Aug. 30: Astros owner Jim Crane and president of baseball ops Jeff Luhnow have announced Hinch’s new contract at a press conference. Hinch signed a four-year extension that is guaranteed through the 2022 season.
Aug. 29: he Astros have agreed to a contract extension with manager A.J. Hinch, reports Mark Berman of FOX 26 in Houston (Twitter link). A formal announcement of the move will come tomorrow, per the report.
While the length of the new contract is not yet clear, general manager Jeff Luhnow said earlier this summer that his hope was to “have [Hinch] here as my manager for as long as I’m here” (link via The Athletic’s Jake Kaplan). Those comments were made on the day that the organization announced an extension for Luhnow that runs through the 2023 season.
Hinch, 44, is in his fourth season at the helm of the Astros — each of which has been a winning season. After winning 86 and 84 games, respectively, in his first two seasons as the Houston manager, Hinch of course guided the Astros to a 101-win season and an eventual World Series championship in 2017. The Astros just wrapped up their 82nd victory of the season and are currently two and a half games up on the Athletics in a surprisingly competitive AL West division.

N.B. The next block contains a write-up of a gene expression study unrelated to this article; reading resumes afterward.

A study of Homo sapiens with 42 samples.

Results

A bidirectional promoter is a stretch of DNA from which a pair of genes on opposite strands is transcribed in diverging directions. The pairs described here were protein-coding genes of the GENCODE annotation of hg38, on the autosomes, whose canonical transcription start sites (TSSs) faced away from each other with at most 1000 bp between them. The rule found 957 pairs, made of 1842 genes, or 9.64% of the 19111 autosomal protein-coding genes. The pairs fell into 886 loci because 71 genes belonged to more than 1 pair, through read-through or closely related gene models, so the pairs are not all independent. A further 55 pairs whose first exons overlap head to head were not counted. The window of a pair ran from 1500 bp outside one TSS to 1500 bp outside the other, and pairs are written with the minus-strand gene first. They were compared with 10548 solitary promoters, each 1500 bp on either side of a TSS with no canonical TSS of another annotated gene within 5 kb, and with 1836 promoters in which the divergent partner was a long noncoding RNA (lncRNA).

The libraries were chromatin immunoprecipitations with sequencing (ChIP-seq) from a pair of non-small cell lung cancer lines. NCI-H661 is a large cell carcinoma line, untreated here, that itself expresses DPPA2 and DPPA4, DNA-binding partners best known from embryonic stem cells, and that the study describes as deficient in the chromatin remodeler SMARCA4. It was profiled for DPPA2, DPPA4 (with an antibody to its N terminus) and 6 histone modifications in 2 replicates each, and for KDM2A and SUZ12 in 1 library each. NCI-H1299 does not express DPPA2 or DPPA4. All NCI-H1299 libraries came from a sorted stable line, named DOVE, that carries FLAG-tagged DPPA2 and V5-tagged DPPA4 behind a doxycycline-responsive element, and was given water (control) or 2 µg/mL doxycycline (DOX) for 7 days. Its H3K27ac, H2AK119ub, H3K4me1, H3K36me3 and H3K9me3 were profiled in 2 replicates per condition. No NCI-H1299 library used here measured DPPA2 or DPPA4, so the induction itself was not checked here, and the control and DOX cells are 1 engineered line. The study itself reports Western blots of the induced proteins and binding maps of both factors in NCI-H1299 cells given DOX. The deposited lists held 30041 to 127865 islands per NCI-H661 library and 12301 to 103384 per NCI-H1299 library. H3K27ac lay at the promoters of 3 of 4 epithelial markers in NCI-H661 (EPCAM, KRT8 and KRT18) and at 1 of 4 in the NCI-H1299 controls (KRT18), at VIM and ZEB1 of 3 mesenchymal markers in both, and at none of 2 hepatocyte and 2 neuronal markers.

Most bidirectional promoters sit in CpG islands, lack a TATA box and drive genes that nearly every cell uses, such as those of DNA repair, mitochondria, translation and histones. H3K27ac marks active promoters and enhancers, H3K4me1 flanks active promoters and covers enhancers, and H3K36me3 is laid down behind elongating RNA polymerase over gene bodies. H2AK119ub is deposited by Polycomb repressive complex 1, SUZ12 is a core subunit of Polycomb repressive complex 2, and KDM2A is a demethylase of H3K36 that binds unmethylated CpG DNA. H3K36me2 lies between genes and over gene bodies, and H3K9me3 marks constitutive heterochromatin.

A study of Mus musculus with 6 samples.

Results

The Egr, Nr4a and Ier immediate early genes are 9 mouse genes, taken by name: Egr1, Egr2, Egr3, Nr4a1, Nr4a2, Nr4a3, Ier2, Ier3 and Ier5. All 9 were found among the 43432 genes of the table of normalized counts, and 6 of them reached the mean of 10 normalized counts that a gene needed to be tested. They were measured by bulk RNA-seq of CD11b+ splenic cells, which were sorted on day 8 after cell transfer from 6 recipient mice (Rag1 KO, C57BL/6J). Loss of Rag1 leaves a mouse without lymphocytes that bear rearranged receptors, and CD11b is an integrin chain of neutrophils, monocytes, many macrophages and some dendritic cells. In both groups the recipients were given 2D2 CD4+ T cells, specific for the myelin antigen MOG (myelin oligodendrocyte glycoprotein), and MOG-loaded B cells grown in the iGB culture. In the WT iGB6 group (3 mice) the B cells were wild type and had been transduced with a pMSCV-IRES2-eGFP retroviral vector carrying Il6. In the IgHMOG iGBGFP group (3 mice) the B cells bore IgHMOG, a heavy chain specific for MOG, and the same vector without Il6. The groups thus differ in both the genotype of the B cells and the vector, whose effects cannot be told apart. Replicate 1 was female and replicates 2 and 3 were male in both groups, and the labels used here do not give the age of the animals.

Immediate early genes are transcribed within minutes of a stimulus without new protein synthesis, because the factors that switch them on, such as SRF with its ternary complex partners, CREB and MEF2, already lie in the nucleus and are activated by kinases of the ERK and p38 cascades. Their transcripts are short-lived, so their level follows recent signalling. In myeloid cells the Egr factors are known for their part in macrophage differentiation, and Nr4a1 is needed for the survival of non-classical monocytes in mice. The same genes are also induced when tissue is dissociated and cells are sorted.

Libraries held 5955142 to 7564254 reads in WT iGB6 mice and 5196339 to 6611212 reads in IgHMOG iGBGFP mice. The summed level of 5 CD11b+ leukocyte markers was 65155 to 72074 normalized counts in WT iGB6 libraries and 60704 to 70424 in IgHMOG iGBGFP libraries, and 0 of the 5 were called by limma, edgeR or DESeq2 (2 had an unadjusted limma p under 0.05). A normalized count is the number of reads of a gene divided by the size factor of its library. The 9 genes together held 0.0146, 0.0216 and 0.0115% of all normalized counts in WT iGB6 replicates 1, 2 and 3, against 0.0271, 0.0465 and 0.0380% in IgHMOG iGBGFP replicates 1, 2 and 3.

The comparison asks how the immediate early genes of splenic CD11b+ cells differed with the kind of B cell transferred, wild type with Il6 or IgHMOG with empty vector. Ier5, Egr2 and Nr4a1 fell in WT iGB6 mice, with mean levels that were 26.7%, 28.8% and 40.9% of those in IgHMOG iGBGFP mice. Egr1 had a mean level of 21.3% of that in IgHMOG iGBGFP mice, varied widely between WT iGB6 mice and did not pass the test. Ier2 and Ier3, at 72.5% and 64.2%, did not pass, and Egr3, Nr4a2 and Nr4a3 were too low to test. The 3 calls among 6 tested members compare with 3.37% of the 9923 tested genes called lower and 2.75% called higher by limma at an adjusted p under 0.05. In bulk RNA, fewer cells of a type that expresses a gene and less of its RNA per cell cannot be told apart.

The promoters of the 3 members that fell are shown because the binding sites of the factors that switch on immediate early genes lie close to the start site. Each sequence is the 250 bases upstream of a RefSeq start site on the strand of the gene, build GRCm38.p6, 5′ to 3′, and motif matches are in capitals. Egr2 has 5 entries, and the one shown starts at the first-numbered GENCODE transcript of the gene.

Hinch was already under contract through the 2019 season via a club option that long looked like a lock to be exercised, but the new agreement will prevent him from heading into the 2019 season with any questions surrounding his long-term standing in the organization. In all, the Astros are 353-266 under Hinch.
Hinch’s managerial career got off to a rough start when, after previously serving as the D-backs’ director of player development, he was named the team’s manager at the age of 35 in 2010. The move was widely panned at the time, given his youth and inexperience, and he lasted just 212 games with Arizona in that role before being cut loose. Hinch went on to work in the Padres’ front office as the team’s vice president of professional scouting before returning to the field as the new Astros manager following the 2014 season.
Hinch’s experience in player development, the adversity he faced in his first managerial position and his familiarity with analytics and data-driven strategies made him a fit in Houston, and it now seems that the union between the two sides will continue for several years to come. While Hinch has not yet taken home a Manager of the Year Award since being named the Houston skipper, he’s finished second in the voting (2015) and third in the voting (2017) in his short career.